Reacting to a dramatic rise in the number of hate crimes reported in Howard County in recent years, about 200 people attended a conference yesterday aimed at keeping the area from becoming, in the words of one organizer, "a hotbed of racial, religious and ethnic violence."
The Conference on Racial, Religious and Ethnic Incidents, the first such event in the county, came two days after a similar conference in Baltimore, where about 1,500 government leaders, educators and members of the clergy gathered to discuss a string of racially motivated incidents there last summer.
A report released by the Maryland Commission on Human Relations in September showed that hate crimes in the state rose from 398 in 1986 to 686 in 1989.
At the Howard County conference yesterday, the county's Office of Human Rights released a study that said reported bias incidents had increased from 20 in 1987 to 72 in 1990.
"We like to get busy on things before people start asking, 'How did you get here?' " said Maggie Brown, a Howard County government worker who has lived in Columbia for 20 years. "We don't want to get where things are unmanageable and our county is falling apart."
"This is a pro-active event," said Cynthia Harvey, administrator of the Office of Human Rights and moderator of the conference.
Sixty-three percent of the Howard incidents were racial and an additional 24 percent were religious, the report said. The other hate crimes were classified either as ethnic or social/religious. Most of the crimes were vandalism or verbal slurs and threats, but there were 12 assaults.
The leap in hate crimes surprised many at the conference, which was held at the Maryland School for the Deaf in Columbia.
"It's been quite enlightening, just to find out the things that are happening around you," said Wylene Burch, a Columbia resident and an organizer of the newly opened Howard County Center for African-American Culture. "You'd like to think these types of things aren't occurring in Howard County."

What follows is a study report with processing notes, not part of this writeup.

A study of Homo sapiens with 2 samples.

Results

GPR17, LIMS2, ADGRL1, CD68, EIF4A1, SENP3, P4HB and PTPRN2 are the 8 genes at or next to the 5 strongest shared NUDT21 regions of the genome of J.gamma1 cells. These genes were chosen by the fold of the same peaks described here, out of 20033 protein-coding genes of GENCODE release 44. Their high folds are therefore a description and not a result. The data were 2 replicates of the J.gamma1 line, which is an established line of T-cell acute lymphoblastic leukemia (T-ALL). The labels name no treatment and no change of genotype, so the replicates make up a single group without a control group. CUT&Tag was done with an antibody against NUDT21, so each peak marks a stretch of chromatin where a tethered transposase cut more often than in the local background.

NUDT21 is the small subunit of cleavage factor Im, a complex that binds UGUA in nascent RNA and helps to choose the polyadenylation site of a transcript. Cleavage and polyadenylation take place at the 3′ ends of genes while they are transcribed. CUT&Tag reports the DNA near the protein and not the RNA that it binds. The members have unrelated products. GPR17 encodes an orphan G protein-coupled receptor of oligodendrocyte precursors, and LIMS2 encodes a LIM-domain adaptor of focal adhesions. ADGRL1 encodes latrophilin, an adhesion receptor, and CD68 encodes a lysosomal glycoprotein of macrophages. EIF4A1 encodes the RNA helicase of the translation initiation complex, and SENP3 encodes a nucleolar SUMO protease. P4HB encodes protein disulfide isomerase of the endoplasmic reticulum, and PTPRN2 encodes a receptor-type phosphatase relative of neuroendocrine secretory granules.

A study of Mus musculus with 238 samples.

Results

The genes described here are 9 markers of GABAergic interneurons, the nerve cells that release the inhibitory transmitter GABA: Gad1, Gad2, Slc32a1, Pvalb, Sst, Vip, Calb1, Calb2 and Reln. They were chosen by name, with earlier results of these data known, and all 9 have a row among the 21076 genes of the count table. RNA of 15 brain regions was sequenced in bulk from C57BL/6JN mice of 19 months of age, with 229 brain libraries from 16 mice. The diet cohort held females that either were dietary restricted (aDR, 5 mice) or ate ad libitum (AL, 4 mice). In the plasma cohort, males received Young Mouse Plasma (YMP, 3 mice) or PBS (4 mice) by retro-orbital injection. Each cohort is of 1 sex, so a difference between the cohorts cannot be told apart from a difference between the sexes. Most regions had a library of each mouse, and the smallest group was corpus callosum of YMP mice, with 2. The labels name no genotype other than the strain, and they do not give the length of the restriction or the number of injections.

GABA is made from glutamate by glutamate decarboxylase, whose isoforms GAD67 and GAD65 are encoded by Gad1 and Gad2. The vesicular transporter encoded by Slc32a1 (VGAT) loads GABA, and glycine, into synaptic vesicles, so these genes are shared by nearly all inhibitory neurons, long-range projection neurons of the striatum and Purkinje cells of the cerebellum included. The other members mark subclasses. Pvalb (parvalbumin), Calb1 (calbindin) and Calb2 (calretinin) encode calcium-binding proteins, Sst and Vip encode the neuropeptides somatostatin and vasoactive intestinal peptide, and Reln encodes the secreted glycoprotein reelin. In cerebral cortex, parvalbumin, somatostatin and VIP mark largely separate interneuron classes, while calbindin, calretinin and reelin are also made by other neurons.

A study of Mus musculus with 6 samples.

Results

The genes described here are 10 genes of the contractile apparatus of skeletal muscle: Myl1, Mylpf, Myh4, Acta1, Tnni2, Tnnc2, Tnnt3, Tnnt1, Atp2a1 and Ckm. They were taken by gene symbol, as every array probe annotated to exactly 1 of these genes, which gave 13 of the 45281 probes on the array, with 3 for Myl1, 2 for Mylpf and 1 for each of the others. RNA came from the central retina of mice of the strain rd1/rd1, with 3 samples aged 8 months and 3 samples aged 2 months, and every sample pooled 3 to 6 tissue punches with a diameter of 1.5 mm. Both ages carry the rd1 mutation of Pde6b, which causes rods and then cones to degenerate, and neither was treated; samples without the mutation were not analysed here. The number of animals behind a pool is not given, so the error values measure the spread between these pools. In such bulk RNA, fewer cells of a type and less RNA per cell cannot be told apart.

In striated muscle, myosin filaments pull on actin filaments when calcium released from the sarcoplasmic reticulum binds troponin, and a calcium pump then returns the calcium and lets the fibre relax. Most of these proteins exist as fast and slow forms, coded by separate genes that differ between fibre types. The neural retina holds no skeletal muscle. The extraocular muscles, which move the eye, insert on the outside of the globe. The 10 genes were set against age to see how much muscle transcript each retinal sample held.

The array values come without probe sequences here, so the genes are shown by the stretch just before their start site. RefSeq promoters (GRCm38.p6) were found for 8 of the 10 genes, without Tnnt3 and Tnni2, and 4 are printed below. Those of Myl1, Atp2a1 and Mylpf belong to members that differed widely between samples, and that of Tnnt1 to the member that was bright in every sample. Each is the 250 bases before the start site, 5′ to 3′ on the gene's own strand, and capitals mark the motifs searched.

The conference also featured the preliminary results of a survey distributed to 14,500 students and county employees. It found that the vast majority of hate crimes aren't reported by victims.
Of the 1,459 people who returned surveys, 391 said they had suffered hate crimes since living in Howard County. Only 59 said they had reported the incidents.
Howard County Police Chief Frederick W. Chaney, who attended the conference, said he was particularly disturbed by the reluctance of victims to report hate crimes.
"I think we need to speak out about these incidents," Chaney said. "Unless people speak out, these incidents will just keep building and building."
One of the afternoon's most dramatic speakers was Thomas Martinez, former member of a white supremacist group known as The Order, who told of his role in the organization and his subsequent defection to become an FBI informant.
Martinez, 35, said he expects hate crimes to become more frequent as the nation's sluggish economy worsens. He predicted that hate groups will grow in numbers, because in tough economic times, "there's always scapegoating. It's always somebody else's fault."